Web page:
By John D. Sutter, CNN
(CNN) - With all the buzz about SOPA and PIPA you may have missed another important acronym: OPEN.
The OPEN Act is being touted by its sponsor as the moderate alternative to those other two anti-piracy bills, which are causing all kinds of controversy in U.S. Congress and on the Internet. Sites from Wikipedia to Google and - you're on the Internet, you've already seen all this - were protesting those other two bills by blacking out or altering their sites on Wednesday.
The reason I bring up the OPEN Act is not because it's a stellar piece of legislation. It may or may not be. But what it definitely represents is a new way of thinking about the legislative process - a Wiki-ed out, crowdsourced, digitized version of bill writing.
(Full disclosure: CNN's parent company, Time Warner, is among the industry supporters of SOPA).
The main thing that makes the OPEN Act different is its presentation. The full text of the proposed bill is available at an easy-to-use website, KeepTheWebOpen.com. And, most important, people who go to that website can annotate the bill with comments and suggestions for its author, much like they would a Wikipedia document. There's a field where you can submit your e-mail address to receive updates about changes to the bill and its path through the maze that is our legislative process.
GOOD Magazine argues in a recent post that this online presentation is a revolution in participatory democracy:
The site functions like a combination of Wikipedia and any familiar commenting system: Click a sentence in the bill and add your changes. Though ultimate authorship will fall to (Darrell) Issa, user markups and comments are expected to make their way to the draft presented to the congressional committee. Whether or not the bill makes any headway in Congress, the hands-on drafting of the OPEN Act offers a glimpse of the future of constituent engagement and legislative sausage-making.
Maybe that doesn't sound crazy-innovative. But it's way different from the norm.
If you want to read the text of PIPA, the Senate's anti-piracy bill, you would go to a legislation search site called THOMAS, which is part of the Library of Congress. Same for SOPA. Sure, you can find the text of the bills on that site, but multiple versions are often listed and it's hard to tell which amendments have been included or rejected. Further, there's no way to leave a comment in the text of the bill. It's not even clear where you would send a comment, unless you look up the author of those bills and then go to their individual websites, find their contact information etc etc. You get the point. It's harder.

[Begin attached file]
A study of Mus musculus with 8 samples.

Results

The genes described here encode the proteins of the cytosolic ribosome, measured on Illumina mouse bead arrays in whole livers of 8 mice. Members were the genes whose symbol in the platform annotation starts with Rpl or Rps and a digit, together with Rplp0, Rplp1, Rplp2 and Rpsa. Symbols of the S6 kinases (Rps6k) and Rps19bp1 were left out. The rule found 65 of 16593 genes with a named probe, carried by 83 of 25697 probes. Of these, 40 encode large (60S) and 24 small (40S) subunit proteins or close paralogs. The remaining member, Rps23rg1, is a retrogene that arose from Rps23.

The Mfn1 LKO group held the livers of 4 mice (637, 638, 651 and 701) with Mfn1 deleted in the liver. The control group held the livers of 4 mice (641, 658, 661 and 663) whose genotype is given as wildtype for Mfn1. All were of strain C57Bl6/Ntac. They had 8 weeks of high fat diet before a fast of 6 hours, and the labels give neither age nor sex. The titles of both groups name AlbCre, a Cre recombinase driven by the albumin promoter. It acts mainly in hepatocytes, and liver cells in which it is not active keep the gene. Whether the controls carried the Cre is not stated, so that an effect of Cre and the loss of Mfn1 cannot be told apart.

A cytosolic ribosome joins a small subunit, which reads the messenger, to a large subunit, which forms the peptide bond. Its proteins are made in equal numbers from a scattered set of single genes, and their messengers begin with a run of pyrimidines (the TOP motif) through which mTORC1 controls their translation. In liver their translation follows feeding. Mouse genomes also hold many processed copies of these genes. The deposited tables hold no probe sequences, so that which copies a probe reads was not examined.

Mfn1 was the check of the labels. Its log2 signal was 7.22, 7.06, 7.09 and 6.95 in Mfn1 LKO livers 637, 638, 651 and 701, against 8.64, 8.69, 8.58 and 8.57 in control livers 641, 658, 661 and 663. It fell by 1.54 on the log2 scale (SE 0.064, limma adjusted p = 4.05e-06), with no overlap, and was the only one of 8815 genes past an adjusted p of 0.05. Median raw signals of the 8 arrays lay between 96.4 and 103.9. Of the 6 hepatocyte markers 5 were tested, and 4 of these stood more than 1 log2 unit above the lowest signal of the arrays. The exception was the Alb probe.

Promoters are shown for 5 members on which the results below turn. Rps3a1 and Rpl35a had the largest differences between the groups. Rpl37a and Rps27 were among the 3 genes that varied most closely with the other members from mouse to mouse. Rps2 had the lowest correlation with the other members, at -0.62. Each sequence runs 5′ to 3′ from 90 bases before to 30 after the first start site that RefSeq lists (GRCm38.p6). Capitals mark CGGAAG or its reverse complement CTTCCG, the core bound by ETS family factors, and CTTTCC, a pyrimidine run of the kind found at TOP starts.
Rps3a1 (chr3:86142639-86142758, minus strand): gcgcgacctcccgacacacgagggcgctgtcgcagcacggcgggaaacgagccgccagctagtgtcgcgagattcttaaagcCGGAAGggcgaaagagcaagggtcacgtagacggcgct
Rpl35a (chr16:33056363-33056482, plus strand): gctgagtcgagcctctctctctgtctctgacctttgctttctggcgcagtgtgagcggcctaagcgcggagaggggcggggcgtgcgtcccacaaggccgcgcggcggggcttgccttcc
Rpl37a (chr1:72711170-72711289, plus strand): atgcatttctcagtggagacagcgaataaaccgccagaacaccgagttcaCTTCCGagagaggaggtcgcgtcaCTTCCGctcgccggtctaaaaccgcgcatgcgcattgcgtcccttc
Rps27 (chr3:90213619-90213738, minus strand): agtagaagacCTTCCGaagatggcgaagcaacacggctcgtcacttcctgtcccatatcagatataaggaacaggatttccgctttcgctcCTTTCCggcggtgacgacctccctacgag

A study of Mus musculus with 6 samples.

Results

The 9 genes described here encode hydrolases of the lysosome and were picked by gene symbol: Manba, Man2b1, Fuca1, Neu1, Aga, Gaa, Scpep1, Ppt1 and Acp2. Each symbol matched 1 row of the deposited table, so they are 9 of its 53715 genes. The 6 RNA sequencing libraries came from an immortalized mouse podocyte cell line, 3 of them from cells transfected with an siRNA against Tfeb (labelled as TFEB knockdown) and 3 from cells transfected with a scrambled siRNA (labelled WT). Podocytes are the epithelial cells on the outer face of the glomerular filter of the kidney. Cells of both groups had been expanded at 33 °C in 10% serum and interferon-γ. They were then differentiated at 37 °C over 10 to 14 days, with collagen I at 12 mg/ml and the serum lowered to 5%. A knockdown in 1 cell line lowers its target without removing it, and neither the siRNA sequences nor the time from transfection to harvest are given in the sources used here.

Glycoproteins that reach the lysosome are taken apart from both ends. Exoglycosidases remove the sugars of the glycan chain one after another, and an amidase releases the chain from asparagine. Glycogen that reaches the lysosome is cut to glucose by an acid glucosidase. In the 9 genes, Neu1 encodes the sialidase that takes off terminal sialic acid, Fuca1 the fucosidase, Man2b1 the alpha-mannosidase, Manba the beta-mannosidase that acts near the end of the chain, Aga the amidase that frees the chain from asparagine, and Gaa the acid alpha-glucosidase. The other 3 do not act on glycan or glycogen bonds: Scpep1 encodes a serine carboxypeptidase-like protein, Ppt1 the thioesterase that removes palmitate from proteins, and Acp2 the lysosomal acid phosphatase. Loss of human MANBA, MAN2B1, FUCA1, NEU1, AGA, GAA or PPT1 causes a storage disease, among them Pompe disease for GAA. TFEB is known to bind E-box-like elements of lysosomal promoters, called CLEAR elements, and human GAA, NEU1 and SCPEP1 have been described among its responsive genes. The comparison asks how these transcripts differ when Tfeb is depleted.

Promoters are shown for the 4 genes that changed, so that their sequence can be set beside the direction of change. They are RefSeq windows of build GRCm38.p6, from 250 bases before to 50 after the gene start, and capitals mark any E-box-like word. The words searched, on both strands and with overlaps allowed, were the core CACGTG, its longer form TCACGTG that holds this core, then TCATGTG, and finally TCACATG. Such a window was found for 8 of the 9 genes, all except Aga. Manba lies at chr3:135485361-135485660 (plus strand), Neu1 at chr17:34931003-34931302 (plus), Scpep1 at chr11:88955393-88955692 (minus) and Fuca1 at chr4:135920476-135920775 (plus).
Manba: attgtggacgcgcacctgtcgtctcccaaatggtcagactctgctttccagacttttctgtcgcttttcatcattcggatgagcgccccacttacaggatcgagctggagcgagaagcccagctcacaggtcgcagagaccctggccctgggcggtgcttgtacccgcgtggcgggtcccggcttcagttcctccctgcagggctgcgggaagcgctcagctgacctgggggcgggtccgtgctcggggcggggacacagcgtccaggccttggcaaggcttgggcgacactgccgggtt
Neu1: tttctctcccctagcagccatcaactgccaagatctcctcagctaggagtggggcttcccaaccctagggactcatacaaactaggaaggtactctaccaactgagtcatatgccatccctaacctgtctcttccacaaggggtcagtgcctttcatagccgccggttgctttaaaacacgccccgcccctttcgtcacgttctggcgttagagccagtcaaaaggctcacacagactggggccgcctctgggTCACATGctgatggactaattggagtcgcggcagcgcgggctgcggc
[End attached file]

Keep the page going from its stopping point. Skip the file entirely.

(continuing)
The OPEN Act's website makes the democratic process just a bit easier - encouraging more input from citizens. So far, more than 150 people have annotated or commented on the proposed bill text, which isn't a huge number but is significant. And there are features that allow visitors to read and comment on SOPA and PIPA, too.
As GOOD notes, several other governments have experimented with crowdsourced democracy. Texas tried it on the issue of "payday lending," as the Texas Tribune writes. Iceland tried to crowdsource its constitution, says The Guardian.
The online software that powers the OPEN Act's website - called "Madison" - could be used again.
Salon writer Nancy Scola says the Wikipedia for legislation is already having an impact on how informed the public is.
... During the Judiciary Committee’s markup of the bill in late December, Keep the Web Open streamed the hearing feed and paired it with a Twitter stream of commentary from folks watching along at home. Issa’s office later reported that, on the first day of markup, there were some 138,000 instances of people watching the proceedings coming from the U.S. alone.
Sure, the Wikipedia blackout and the Google porn-like black bars are getting lots of chatter online this week. But the lasting impact of the SOPA/PIPA debate may not be the protest or even the legislation up for debate.
It could be a new process for letting the public shape legislation.